Teacher Tenure on Trial
April 3, 2014
Last week marked the end of a two-month-long trial in California in response to a lawsuit filed by the nonprofit group Students Matter on behalf of nine public school students, says Stateline.
- California's tenure laws are incredibly generous toward teachers.
- After just 18 months on the job, teachers can be given permanent employment status, and firings are mainly based on seniority, not performance.
- The plaintiffs charge that these tenure and layoff rules are hurting students: the rules leave so many ineffective teachers in classrooms that students -- often low-income and minority students -- do not receive the education guaranteed them by the state constitution.
- It is the first lawsuit to charge that personnel policies are responsible for denying equal education opportunities.
Recently, several states have changed their tenure and dismissal rules.
- North Carolina and South Dakota have ended their tenure systems, and Arizona has made firing poorly performing teachers an easier task.
- Similarly, Connecticut has made it easier for schools to decline to renew teacher contracts.
- Some districts have experimented with performance pay, and other states are linking tenure with teacher evaluations.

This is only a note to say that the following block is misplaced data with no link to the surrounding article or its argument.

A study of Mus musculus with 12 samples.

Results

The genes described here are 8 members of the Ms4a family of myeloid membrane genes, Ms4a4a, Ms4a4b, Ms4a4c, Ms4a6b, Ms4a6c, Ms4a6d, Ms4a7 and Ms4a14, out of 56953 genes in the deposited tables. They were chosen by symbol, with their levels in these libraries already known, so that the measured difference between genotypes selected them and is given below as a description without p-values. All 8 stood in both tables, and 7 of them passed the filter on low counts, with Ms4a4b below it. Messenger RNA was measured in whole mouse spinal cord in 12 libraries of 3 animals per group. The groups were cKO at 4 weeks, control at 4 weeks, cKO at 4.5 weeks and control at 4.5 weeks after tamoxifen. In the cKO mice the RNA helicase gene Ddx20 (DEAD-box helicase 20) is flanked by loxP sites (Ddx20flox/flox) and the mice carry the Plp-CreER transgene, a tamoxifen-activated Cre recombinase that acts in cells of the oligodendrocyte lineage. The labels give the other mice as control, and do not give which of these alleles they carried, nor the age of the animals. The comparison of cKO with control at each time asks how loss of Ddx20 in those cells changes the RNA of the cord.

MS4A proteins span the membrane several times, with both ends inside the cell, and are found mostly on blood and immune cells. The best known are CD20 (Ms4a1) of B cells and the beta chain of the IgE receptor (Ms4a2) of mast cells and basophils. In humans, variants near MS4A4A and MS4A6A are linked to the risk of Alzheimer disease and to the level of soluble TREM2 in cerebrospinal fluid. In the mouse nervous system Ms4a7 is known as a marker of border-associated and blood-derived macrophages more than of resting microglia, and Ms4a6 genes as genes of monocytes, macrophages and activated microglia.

How should schools and districts evaluate their teachers? California is one of 10 states that does not use student achievement to evaluate their teachers. Some researchers say that is not a bad thing, because models to evaluate performance on such a basis can yield unreliable results due to too small of a sample size.
Eric Lerum, vice president of national policy for Students First, a student advocacy group, says that California's personnel policies are antiquated. "If we know what the importance and impact of a teacher is, we should be putting policies in place that allow us to get the best teachers in front of as many kids as possible."
Source: Adrienne Lu, "Teacher Tenure and Dismissal on Trial," Stateline, April 1, 2014.